I choreograph a stage show for a drag queen. In his day-to-day life, this queen is a soft-spoken, 6’7 man who rides a road bike and enjoys fresh salads. In his drag life, he’s Barbie Banjée, the bitchiest (and tallest) of East Vancouver queens, boasting the longest legs and sharpest cheek bones in the biz.
As choreographer for Ms. Banjée (and backup dancer!), I have taught many lessons in the art of hip-swinging, body rolling and boob shaking. But could my queenly protege soon replace me as an “instructor of femininity?” Yes, according to The Boston Globe and RuPaul. Barbie Banjée might even be better.
RuPaul’s Drag U, which premiered last month, takes the concept of the famous queen’s other popular TV show, RuPaul’s Drag Race, and gives it a twist–woman-identified women contestants (rather than drag queens) learn femininity from drag queen professors and attempt to unleash their inner divas.
Whatever it is that some women feel they’ve lost touch with in the 40 or so years since the women’s movement, drag gives them a chance to rediscover it. They get something from drag that they don’t get from a normal makeover—it lets them perform womanliness, to try it on like a new outfit, but with the label still attached.
And men, apparently, are the best helpers in this discovery of womanliness (remember the film Tootsie?).
In the first episode of Drag U, a group of so-called tomboy women compete to become more feminine versions of themselves under the tutelage of men in drag. RuPaul instructs the show’s faculty, “You ladyboys need to show these boy-ladies how it’s done.”
Contemplating the bizarre and somehow fascinating concept behind this show, feminist philosopher Judith Butler immediately springs to mind. Butler’s highly-influential and oft-referenced Gender Trouble posits that qualities and behaviors assigned to masculinity and femininity are not innate to men and women, but the result of a daily performance.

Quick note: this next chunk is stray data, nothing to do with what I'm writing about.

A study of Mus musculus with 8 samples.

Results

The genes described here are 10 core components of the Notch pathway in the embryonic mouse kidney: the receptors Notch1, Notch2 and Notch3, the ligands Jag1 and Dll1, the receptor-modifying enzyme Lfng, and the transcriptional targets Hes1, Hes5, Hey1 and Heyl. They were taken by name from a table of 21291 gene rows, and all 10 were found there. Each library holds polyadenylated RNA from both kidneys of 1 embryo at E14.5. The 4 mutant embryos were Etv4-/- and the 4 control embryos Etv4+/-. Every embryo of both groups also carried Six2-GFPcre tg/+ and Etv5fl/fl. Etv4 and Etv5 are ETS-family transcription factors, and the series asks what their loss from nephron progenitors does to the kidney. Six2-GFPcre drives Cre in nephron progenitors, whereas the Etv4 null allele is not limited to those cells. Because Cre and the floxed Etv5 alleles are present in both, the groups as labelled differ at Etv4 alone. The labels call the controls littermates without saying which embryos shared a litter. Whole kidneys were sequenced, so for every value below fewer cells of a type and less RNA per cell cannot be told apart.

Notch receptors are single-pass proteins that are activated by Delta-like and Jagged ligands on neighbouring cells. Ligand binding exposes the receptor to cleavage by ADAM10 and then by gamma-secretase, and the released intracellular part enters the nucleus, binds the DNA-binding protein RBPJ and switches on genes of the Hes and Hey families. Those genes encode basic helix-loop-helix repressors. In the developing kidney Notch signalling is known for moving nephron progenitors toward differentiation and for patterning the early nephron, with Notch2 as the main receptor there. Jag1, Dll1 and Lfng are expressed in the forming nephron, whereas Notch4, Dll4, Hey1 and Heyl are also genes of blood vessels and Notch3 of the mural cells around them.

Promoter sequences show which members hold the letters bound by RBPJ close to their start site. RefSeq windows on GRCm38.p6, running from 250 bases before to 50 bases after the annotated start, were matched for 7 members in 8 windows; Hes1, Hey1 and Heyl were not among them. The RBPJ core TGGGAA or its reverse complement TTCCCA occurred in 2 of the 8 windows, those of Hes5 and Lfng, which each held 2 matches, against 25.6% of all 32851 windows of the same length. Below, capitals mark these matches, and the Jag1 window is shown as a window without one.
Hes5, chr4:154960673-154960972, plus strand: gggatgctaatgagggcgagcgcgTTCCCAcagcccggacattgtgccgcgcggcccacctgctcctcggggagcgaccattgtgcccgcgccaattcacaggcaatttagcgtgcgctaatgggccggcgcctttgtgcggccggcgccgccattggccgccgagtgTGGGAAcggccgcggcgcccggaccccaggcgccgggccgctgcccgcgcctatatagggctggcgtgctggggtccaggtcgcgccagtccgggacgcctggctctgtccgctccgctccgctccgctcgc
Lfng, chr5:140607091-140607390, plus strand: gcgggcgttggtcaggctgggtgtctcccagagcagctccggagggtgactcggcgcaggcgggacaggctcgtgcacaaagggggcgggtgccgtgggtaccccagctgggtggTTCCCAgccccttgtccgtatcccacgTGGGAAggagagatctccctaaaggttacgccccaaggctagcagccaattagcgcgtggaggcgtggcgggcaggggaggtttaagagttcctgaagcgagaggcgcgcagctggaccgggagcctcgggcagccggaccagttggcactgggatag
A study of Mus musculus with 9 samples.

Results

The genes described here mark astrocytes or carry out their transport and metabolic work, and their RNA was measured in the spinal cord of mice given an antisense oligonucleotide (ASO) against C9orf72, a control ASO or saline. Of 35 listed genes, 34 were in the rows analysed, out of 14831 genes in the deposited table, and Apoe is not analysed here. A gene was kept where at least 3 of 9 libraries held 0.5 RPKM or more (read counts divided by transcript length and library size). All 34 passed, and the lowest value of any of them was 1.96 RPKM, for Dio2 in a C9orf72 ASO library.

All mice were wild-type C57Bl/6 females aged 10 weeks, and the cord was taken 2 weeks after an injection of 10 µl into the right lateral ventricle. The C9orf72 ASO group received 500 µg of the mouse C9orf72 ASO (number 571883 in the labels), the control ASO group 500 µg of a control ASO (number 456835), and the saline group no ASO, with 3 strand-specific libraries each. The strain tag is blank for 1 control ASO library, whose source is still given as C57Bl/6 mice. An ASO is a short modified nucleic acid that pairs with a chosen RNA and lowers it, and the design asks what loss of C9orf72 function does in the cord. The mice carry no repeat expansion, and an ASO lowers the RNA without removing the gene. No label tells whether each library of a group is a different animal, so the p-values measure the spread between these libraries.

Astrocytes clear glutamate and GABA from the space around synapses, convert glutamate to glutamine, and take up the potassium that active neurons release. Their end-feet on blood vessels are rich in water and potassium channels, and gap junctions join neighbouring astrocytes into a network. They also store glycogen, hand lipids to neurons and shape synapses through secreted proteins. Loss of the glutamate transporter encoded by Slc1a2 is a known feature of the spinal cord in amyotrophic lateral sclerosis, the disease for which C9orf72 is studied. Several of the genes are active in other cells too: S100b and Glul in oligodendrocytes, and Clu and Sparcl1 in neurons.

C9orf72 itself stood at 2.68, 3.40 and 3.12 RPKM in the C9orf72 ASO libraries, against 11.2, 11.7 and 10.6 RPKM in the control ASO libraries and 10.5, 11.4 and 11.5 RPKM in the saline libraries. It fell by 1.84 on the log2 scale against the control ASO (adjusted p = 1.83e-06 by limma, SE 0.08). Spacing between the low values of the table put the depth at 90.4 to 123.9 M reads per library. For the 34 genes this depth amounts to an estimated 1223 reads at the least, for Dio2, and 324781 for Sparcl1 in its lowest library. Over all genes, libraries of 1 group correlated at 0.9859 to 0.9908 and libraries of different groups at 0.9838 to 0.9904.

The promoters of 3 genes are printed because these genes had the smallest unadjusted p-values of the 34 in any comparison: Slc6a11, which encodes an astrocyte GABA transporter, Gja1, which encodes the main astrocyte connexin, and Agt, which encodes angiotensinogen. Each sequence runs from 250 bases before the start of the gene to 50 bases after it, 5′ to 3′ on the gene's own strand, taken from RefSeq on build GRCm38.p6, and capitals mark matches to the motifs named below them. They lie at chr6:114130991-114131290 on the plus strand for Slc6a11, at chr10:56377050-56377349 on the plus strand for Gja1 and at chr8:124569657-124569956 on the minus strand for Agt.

Could Drag U offer a new angle on Butler’s theory of performativity? Maybe drag queens really are the best instructors of femininity, given that they’re in a near-constant state of performance. If you spend your life perfecting the art of doing something (like, say, doing gender) could you be considered an expert?
It’s possible. But it’s also frustrating to think that femininity is just one more thing men are said to do better than women.
Considering our shifting social climate, which privileges and elevates men who take on traditionally feminine tasks like child care and housework, it’s not surprising that ‘bio’ or ‘faux queens’ have begun to crop up. A bio queen is a woman-identified woman drag queen who performs femininity, sort of like the women on Drag U, but conscious of the acting component. In my life as a drag choreographer, I suppose I’m considered something of a bio queen; I perform hyper-femininity alongside Barbie, the Queen Bee, who defines womanliness. Together we’re outrageous; we push gender, sexuality (and fashion) boundaries, both performing some version of ‘woman’ that is neither of ourselves.
But who does it better? If I said it was me, Barbie would probably just look me up and down and reply, “Bitch, you better work.”